The Springboks emerged from Saturday’s massive 38 / 12 victory over the Wallabies in Brisbane with no worrying injuries to report.
The new week presents new challenges against the New Zealand All Blacks, the number one team in the world but it appears that Heyneke Meyer will be able to name an unchanged side for this important clash.
There is an air of happyness in the Springbok camp, yet a groundedness, knowing the challenge they will face in New Zealand, where wins is almost as scarse as chicken teeth.
The Sprinboks will follow the same routine as last week, cutting back on heavy training on Monday but having a gym session and a “flush out” session in the pool. Normal on-field training will resume on Tuesday.
The Springbok team doctor, Craig Roberts, said that only bumps and bruises and small niggles are evident, doing his weekly medical team update. Heyneke Meyer meanwhile described the upcoming Test as the Springboks’ “biggest challenge yet”.
“It’s not often that on a Monday I get to sit here and say no major problems to report,” Dr Roberts said. “There are a few guys who have bumps and bruises that we will nurse through the week, but nobody that we are worried about for the game on Saturday. Jannie got a laceration to his lip early in the game, Bryan Habana got an accidental boot to the groin so he was a bit uncomfortable and JJ has a corked thigh, a bruise but nothing really to worry about.”
Dr Roberts said it was a bit uncommon to have travelled as much as the Boks have done in recent weeks and not to have any injuries. “The guys have been working very hard, but a lot of it comes down to being lucky as well. Rugby is a serious collision sport and sometimes you are lucky and sometimes you’re unlucky,” he said.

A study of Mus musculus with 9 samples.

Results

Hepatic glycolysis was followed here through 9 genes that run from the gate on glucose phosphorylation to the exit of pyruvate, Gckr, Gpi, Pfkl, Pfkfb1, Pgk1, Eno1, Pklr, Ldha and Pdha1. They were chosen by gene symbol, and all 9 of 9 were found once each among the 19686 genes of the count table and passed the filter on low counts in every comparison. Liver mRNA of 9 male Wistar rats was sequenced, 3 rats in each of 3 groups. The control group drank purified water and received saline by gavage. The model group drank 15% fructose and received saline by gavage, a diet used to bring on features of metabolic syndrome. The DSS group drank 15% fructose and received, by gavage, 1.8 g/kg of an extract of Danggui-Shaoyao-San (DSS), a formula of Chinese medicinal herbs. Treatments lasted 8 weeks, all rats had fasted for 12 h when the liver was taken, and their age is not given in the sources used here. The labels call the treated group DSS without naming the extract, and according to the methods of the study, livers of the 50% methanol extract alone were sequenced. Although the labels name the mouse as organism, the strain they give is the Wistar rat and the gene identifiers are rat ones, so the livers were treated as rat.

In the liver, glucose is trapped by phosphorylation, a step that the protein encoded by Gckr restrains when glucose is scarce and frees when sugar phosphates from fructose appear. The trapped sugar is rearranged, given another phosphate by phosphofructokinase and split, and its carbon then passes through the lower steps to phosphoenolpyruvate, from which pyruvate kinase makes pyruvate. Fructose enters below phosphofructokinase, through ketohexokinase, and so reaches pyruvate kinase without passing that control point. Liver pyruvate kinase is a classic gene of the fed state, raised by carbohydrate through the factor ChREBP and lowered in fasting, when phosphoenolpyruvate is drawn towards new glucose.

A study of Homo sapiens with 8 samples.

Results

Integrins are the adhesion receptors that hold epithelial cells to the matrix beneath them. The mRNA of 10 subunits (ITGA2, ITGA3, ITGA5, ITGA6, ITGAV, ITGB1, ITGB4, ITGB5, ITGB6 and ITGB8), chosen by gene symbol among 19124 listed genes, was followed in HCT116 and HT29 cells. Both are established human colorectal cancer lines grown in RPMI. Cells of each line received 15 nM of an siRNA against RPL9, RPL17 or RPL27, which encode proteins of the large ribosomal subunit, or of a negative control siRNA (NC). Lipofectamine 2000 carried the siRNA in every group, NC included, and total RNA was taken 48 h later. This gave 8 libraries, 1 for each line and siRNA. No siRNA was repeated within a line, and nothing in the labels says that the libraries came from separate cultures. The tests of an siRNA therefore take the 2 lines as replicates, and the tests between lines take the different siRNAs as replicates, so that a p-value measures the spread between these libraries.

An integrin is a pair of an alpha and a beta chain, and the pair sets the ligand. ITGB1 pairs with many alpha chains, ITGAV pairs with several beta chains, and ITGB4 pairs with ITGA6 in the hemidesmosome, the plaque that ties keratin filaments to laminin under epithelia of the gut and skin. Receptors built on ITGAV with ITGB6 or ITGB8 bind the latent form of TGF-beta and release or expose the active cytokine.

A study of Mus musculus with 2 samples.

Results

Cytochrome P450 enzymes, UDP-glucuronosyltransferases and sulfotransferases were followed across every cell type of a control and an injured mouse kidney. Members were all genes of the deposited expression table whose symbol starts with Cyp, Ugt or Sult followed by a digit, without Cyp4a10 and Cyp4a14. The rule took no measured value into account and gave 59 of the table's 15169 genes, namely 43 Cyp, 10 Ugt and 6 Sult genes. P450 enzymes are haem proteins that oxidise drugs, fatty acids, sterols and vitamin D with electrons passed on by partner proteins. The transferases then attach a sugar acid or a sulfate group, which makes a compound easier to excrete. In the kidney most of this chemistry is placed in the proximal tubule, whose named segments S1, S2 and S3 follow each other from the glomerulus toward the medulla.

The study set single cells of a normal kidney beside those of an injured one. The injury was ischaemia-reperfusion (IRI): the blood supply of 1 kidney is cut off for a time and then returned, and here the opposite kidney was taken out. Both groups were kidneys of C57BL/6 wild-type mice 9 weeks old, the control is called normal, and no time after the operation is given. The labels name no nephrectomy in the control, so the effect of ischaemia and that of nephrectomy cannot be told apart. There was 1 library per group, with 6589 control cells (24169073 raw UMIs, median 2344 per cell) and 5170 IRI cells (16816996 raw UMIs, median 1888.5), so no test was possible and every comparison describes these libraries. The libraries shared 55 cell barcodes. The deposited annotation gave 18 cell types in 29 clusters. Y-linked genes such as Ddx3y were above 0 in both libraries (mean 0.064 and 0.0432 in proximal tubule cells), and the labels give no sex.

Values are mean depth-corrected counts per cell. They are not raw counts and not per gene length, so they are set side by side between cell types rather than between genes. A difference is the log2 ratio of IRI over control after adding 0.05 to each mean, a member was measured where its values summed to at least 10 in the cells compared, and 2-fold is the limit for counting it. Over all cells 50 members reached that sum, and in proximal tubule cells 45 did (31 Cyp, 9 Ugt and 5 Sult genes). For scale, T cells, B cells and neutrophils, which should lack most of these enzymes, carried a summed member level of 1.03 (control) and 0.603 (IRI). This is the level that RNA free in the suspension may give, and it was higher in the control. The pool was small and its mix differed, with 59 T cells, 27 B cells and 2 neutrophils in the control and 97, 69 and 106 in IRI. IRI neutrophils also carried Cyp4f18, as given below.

Heyneke Meyer added some spice and mirth to the occasion by interjecting that it was also down to “great coaching”, bringing those in attendance down in laughter.
Dr Roberts said it was important to manage the workload, but things were much better on the second week of tour. “Obviously travelling from Argentina to Australia to here takes its toll on the guys so early in the week we are more in a flush-out mode and we’ll try and build towards the rest of the week. We do try and manage their load. So far we’ve done that quite well,” he said. “The jet-lag issues are over now, and there is only a two-hour time difference from Australia. It’s nice for us and the guys are sleeping properly for the first time in eight days so it does make a difference.”